Hearing Red: Dream or Disability?
Synaesthesia, or sensory confusion, is so romanticised and misunderstood that the experiences of students with the condition are often swept under the rug
Hearing colours. Tasting shapes. Smelling music.
They sound like side effects of psychotropic drug use. But for the many individuals who experience the misunderstood neurodiversity trait ‘synaesthesia’, overlapping sensory experiences define their daily perception of the world around them.
Scarlett, a USyd Arts student, describes the condition as “a cross-activation of sensory processes.” She experiences grapheme-colour synaesthesia, the most common form, which associates colours with letters, numbers, days of the week, and months of the year. She also has musical and visual-tactile forms, which have allowed her to develop a natural ear for relative pitch and an excellent memory.
It’s easy to hear this and think of it as a ‘funky did-you-know’, or ‘creative advantage’. Indeed, it is common for visual and musical artists to acknowledge forms of synaesthesia within their work.
For UNSW Media/Arts student and Sydney-based creative Wendy, senses are an integral part of developing her art pieces.
“Art is in itself an experience,” explained Wendy. “The fact that we can perceive different things in different ways means that we can change its meaning—artists play off that.”
Wendy believes that senses heighten the human experience of art. Accordingly, she envisions the future will hold a greater quantity of immersive artistic works which engage with multiple sensory faculties.
“The way that we engage now as contemporary artists is hugely reliant on utilising not only one, but multiple senses,” Wendy said. She explains that it’s the best way to communicate and engage an audience.
Many popular musicians including Beyoncé, Lady Gaga, and Kanye West claim to possess a manifestation of this neurological phenomenon, adding to the impression that synesthetes have a natural tendency to develop a proficiency for the creative arts.
Wendy suggested that people with synaesthesia “naturally have that gearing towards it, in the sense of seeing colours and being able to harness that kind of perception.”
Yet, students such as Scarlett who struggle with sensory processing disorders feel their account of the condition is often disregarded in the media and popular culture. Despite the many advantages synaesthesia poses for artists, its oft-cited association with artistic achievement neglects the fact that experiencing multiple senses at once can also be incredibly overwhelming—particularly for those who suffer from its more extreme manifestations.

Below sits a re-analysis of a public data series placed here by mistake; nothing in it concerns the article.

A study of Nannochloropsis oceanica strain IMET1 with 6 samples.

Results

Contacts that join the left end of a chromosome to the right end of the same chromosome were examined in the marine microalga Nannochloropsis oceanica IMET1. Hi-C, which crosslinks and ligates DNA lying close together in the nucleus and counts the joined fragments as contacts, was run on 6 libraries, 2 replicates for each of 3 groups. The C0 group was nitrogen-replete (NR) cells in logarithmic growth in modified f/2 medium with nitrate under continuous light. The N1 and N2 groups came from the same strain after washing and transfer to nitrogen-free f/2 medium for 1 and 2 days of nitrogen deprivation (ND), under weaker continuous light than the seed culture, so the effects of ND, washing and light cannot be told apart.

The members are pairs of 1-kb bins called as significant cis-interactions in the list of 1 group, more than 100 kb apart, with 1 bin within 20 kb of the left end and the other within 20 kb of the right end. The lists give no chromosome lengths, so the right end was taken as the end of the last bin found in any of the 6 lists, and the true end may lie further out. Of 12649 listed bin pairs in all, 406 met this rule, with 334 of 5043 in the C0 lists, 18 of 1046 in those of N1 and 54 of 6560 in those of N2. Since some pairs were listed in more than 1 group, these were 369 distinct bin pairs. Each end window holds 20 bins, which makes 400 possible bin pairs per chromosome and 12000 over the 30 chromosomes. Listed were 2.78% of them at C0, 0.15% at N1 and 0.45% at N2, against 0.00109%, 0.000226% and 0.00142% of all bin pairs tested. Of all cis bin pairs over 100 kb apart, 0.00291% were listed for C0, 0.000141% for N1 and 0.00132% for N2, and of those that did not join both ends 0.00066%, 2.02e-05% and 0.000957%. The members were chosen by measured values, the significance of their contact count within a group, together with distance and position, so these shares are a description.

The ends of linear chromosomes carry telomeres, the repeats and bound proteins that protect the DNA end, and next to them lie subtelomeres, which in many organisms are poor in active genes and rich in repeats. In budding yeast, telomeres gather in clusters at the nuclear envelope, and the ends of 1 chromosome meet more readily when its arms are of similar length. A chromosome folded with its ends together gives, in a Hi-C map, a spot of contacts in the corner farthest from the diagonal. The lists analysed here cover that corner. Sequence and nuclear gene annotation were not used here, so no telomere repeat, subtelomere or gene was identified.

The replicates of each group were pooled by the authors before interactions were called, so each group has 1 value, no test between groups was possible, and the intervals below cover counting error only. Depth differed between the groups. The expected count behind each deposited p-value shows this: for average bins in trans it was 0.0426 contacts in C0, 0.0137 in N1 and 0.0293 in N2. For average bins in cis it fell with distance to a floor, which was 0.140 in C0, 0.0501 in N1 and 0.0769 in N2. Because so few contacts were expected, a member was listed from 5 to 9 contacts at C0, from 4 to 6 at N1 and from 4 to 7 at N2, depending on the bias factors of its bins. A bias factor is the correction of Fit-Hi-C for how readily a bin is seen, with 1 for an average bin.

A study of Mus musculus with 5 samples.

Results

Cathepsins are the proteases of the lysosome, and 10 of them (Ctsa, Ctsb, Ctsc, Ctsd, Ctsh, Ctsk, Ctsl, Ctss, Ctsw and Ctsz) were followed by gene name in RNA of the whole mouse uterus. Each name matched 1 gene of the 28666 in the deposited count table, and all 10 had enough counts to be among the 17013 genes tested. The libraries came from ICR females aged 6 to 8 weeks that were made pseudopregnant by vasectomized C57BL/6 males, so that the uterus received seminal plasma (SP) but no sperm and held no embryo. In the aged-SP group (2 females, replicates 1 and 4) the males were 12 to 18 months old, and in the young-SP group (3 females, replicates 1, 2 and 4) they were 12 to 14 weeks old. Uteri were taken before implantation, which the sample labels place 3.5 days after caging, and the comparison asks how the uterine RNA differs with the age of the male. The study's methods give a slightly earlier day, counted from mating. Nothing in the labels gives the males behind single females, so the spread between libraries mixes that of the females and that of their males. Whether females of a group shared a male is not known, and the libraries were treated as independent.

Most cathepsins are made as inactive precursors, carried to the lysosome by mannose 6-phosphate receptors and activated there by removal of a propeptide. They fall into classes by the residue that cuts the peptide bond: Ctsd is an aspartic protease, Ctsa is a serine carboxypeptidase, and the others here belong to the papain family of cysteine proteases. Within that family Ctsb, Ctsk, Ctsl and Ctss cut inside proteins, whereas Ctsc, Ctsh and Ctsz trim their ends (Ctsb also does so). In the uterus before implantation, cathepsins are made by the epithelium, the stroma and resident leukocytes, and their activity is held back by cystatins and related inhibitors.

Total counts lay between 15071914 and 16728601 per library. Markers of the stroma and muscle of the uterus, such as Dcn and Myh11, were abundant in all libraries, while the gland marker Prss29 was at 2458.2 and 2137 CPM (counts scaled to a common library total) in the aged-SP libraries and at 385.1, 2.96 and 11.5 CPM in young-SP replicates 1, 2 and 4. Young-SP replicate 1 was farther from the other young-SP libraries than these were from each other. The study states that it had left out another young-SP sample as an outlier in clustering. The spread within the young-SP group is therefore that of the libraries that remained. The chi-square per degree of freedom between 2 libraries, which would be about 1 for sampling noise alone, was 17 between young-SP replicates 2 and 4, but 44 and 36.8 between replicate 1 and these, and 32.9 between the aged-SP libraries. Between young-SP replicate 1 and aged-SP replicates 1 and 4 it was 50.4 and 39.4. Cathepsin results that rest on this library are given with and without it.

Scarlett has struggled with side effects of the condition throughout her studies, further exacerbated by years of sleep deprivation and a serious trauma she experienced in 2011.
“After this traumatic experience, those associations became so intense that the colours were blinding and demanded a lot more of my attention,” she explained. “The colours would be so intense and so demanding of my sensory bandwidth that it was just completely overwhelming.”
Scarlett described how the excessive sensory input transmitted by letters on a page made reading almost impossible. She would experience migraines and nausea if she forced herself to continue, eventually causing her to feel so unwell that she was compelled to stop. Due to these symptoms, Scarlett lost her ability to read for several years and was forced to abandon her law degree altogether.
Thankfully, she regained her literacy after a long period of intensive occupational therapy at Westmead and was able to resume studying last August. She now implements techniques such as weighted blankets and using a green rather than blue light on her computer screen to reduce the rousing felt by her nervous system.
For Scarlett, achieving her goal of returning to her studies meant overcoming significant misunderstandings of the neurodiversity, as her experience initially was dismissed by health professionals as craziness or merely another symptom of trauma.
“I wouldn’t have gone for three years without being able to read an email had any of the literally dozens of medical people I had seen paid attention to it, and took me at my word of my experience.”
USyd postgraduate researcher Joshua Berger, who is currently completing his third year of PhD candidature in synaesthesia, believes these misconceptions can be highly problematic.
“For people with more extreme forms, [synaesthesia] can be distracting and cause a strong aversion to stimuli which trigger unpleasant concurrents,” he said. Yet, as Berger told me in the words of neurospecialists Ramachandran and Hubbard, those claiming to experience synaesthesia are often dismissed on the basis that they are “faking it, on drugs, or just plain crazy.”
Scarlett praised the assistance of the Disability Services at USyd, who installed voice reading software on her computer to use when her condition is more extreme, and print all her readings on green paper to dull excessive sensory input.
A representative from the Disability Services commented that, “The University has been able to appropriately support students with rare conditions to participate in their degree, to engage in student life and to complete their studies.”
Yet for students who experience synaesthesia on a daily basis, more research and education would assist in relieving the misunderstandings that come from being overwhelmed by the sensory world. Although her senses may be confused, Scarlett is certain about the colourful future she desires: “More people who can understand [synaesthesia] as not a disorder but not a fun party trick either—it is something in between.”